Debunking, "prebunking," nudging and teaching digital literacy are several of the more effective ways to counter misinformation, according to a new report from the American Psychological Association.
Written by a panel of U.S. and international experts on the psychology of misinformation, the report outlines the processes that make people susceptible to misinformation and offers solutions to combat it.
People are more likely to believe misinformation if it comes from groups they belong to or if they judge the source as credible, according to the report "Using Psychological Science to Understand and Fight Health Misinformation: An APA Consensus Statement." It defines misinformation as "any information that is demonstrably false or otherwise misleading, regardless of its source or intention."
The report outlines the key features of misinformation that fool people into believing and spreading it. For instance, it found that people are more likely to believe false statements that appeal to emotions such as fear and outrage. They are also more likely to believe misinformation that paints groups that they view as "others" in a negative light. And people are more likely to believe information the more it is repeated, even when it contradicts their prior knowledge. These findings suggest that it is important to stop misinformation early, the report says.
The report also describes features of social media that help misinformation spread very quickly. "Rapid publication and peer-to-peer sharing allow ordinary users to distribute information quickly to large audiences, so misinformation can be policed only after the fact (if at all)," the report says. "'Echo chambers' bind and isolate online communities with similar views, which aids the spread of falsehoods and impedes the spread of factual corrections."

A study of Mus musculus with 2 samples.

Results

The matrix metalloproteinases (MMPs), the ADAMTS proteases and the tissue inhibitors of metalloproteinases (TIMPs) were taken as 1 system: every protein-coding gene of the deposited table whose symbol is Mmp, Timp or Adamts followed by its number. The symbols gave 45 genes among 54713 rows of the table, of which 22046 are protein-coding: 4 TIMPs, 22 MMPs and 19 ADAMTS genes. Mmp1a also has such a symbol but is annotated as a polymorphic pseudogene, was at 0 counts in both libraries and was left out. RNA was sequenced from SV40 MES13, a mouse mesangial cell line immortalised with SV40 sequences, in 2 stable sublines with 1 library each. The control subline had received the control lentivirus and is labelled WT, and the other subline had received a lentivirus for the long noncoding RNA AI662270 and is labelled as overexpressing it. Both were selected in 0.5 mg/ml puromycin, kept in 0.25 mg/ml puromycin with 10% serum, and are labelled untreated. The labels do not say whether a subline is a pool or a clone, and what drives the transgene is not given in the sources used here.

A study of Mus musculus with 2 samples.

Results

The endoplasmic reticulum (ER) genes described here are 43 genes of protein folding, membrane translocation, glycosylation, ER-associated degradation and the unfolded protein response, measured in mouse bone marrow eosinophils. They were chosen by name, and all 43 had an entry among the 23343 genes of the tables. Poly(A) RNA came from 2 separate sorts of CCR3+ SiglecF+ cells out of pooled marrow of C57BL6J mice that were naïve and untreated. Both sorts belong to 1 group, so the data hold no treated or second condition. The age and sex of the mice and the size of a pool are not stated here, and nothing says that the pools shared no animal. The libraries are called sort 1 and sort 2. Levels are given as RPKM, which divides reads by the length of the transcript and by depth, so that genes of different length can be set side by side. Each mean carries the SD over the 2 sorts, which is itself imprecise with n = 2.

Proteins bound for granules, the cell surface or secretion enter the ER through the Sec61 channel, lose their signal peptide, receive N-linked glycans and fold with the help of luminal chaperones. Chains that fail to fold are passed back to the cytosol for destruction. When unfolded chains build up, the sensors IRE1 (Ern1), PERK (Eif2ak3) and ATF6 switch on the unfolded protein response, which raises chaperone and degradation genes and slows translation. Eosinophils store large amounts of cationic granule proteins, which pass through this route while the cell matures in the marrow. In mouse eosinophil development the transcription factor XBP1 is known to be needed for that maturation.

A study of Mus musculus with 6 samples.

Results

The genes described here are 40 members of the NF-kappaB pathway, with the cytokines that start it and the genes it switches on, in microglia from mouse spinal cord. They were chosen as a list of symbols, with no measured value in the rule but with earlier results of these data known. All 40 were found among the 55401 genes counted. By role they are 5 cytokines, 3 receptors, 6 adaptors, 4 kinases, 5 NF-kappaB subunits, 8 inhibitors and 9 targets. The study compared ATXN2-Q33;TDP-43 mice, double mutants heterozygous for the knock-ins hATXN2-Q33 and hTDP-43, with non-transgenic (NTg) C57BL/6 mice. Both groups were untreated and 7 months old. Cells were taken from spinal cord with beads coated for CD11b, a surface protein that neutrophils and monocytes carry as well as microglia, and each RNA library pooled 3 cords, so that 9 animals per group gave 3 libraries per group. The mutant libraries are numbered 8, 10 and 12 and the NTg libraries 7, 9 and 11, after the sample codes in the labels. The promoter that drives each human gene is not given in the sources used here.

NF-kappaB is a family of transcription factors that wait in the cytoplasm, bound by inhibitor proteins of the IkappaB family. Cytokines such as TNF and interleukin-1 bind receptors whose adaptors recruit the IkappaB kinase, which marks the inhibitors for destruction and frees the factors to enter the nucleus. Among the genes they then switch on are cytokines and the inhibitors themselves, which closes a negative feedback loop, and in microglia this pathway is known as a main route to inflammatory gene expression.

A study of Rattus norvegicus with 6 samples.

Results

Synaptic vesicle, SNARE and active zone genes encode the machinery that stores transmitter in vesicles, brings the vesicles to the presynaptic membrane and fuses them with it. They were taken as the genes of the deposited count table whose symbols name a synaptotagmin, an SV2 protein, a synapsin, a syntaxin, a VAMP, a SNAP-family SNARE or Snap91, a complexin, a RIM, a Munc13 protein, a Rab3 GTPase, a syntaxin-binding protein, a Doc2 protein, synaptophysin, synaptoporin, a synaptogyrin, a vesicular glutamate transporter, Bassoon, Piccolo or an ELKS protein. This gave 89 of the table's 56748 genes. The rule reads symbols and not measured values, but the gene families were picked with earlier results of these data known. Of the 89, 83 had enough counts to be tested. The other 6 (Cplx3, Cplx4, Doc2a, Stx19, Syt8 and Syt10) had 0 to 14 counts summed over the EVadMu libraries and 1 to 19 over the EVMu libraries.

As a result, "most online misinformation originates from a small minority of 'superspreaders,' but social media amplifies their reach and influence."
There are two levels on which misinformation can be stopped, according to the report: systemic approaches, such as legislation and technology standards, and individual approaches focused on changing individual behaviors. The latter include:
The report acknowledges that there is much more to learn and recommends more research funding and industry cooperation to understand behaviors related to misinformation and create tools to correct it. The panel members who wrote the report spent more than a year reviewing the scientific literature to develop their recommendations. The report was commissioned by the Centers for Disease Control and Prevention and funded as part of a $2 million grant to develop effective solutions to COVID-19 vaccine hesitancy.
While the panel's recommendations focus on health misinformation, they can also be used for broader topics such as politics and climate change. For instance, these findings offer direct input to one of the main issues highlighted in APA's Health Advisory on Social Media by addressing tactics that can be used to combat misinformation.
The report recommends eight steps for policymakers, scientists, media and the public to help curb the spread of misinformation and the risks it poses to health, well-being and civic life:
"These psychological science findings help to explain how misinformation enters our thought processes," the report states. "It is effortful and difficult for our brains to apply existing knowledge when encountering new information; when new claims are false but sufficiently reasonable, we can learn them as facts. Thus, everyone is susceptible to misinformation to some degree: we acquire it even when we know better."